The first line of Tsitsi Dangarembga’s novel ‘Nervous Conditions’ is not easy to forget:
“I was not sorry when my brother died”.
The unregretful person is Tambu, the poor, bright and striving daughter of a family in rural post-colonial Rhodesia of the 1960s. The death of Tambu’s brother – a lad who poked fun at the little girl and strutted, chest puffed out with male pride – gives her a boost. It allows Tambu to take her brother’s place at his all-fees-paid school and to live in comfort with relatives in the city. The rest of the plot follows on from there. There are some surprises but mostly, it is a familiar story of male privilege. And the disproportionate load heaved on to women. As Tambu’s mother tells her early on in the book, “The business of womanhood is a heavy burden”.
And as Tambu reflects some years later, as she goes from a peasant’s knowledge of the world to assured cosmopolitanism: “The victimization, I saw, was universal. It didn’t depend on poverty, on lack of education or on tradition. It didn’t depend on any of the things I had thought it depended on. Men took it everywhere with them. Even heroes like Babamukuru did it. And that was the problem. . . . all the conflicts came back to this question of femaleness. Femaleness as opposed and inferior to maleness.”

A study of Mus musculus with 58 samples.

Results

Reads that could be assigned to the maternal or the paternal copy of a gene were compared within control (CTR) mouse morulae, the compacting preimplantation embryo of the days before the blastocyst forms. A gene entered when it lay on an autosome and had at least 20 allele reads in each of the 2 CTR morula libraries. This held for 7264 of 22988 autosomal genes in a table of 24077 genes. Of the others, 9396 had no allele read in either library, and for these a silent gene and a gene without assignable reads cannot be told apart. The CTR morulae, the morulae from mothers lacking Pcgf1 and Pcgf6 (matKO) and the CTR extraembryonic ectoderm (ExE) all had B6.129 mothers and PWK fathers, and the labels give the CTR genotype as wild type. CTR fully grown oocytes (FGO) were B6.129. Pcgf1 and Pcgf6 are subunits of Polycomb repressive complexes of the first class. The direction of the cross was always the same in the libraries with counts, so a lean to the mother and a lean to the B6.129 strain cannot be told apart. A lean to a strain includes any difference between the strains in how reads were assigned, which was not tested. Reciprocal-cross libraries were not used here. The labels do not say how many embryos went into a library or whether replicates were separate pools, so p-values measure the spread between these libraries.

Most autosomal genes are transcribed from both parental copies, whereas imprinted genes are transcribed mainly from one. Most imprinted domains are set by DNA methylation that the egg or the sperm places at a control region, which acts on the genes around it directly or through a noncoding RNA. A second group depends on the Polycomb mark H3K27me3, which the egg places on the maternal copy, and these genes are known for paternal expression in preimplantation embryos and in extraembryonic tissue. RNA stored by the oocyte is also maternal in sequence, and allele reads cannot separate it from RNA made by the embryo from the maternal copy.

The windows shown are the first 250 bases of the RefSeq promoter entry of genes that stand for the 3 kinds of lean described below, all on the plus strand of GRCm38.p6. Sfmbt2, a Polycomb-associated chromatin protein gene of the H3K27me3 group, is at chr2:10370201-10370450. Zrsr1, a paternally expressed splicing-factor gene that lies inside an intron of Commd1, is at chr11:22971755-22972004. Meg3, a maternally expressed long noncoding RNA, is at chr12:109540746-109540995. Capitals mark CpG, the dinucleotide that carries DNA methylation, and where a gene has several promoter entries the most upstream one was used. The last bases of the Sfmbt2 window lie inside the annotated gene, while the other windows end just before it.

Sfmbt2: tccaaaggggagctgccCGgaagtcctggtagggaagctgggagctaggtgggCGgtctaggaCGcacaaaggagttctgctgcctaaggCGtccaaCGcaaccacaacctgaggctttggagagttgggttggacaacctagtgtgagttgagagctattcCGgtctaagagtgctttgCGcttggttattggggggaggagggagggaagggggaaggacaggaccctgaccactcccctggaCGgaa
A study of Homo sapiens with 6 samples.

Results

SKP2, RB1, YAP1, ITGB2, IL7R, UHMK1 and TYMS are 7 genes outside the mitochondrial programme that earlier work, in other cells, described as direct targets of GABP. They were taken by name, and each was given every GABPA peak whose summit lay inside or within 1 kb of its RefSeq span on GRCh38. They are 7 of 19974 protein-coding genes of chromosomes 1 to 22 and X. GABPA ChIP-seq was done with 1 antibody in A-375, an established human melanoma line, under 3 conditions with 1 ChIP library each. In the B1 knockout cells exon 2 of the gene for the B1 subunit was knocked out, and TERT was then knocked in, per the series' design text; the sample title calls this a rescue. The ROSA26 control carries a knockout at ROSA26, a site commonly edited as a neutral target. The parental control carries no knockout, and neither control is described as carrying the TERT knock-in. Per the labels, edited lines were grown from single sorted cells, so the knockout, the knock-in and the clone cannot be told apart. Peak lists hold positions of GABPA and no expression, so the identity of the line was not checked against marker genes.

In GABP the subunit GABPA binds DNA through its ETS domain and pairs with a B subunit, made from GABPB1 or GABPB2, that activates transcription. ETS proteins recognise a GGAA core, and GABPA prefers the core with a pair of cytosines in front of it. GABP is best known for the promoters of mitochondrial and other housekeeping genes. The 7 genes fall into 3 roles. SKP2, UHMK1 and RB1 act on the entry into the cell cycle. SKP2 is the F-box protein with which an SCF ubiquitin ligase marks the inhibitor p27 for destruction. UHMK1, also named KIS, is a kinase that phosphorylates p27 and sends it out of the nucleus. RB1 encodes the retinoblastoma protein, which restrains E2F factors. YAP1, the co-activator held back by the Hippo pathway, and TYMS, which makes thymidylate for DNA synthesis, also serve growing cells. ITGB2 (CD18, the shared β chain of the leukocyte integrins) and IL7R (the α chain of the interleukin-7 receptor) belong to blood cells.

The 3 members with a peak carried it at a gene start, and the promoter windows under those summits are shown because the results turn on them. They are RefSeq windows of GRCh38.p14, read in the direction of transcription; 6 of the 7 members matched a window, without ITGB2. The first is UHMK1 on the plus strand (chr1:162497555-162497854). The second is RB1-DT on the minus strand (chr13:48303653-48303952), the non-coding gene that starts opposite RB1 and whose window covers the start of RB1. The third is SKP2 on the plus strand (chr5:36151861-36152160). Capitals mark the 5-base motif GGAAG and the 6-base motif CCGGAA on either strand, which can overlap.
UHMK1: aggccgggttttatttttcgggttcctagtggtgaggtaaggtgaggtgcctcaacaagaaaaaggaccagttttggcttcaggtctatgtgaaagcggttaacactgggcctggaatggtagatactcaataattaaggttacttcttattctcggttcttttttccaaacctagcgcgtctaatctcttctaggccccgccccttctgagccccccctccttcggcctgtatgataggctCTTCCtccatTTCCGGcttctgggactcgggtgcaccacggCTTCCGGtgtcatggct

‘Nervous Conditions’ was the first English book published by a black Zimbabwean woman. At the time, 34 years ago, it was a clarion call – not just to women but to all who wanted to rebalance the structures of inequity.
A female, aspirational Zimbabwean writer of white ethnicity would later recall the way the novel hit her: “‘Nervous Conditions’ made clear that the systematic racism and sexism — the violent facts of my own white settler childhood in pre-independence Rhodesia — weren’t accidents but arrangements, structures that we’d all built together: the whites flogging the blacks, the near slave-labor wages.”
No, ‘Nervous Conditions’ is not just “women’s fiction” but it has a lot about the lot of women.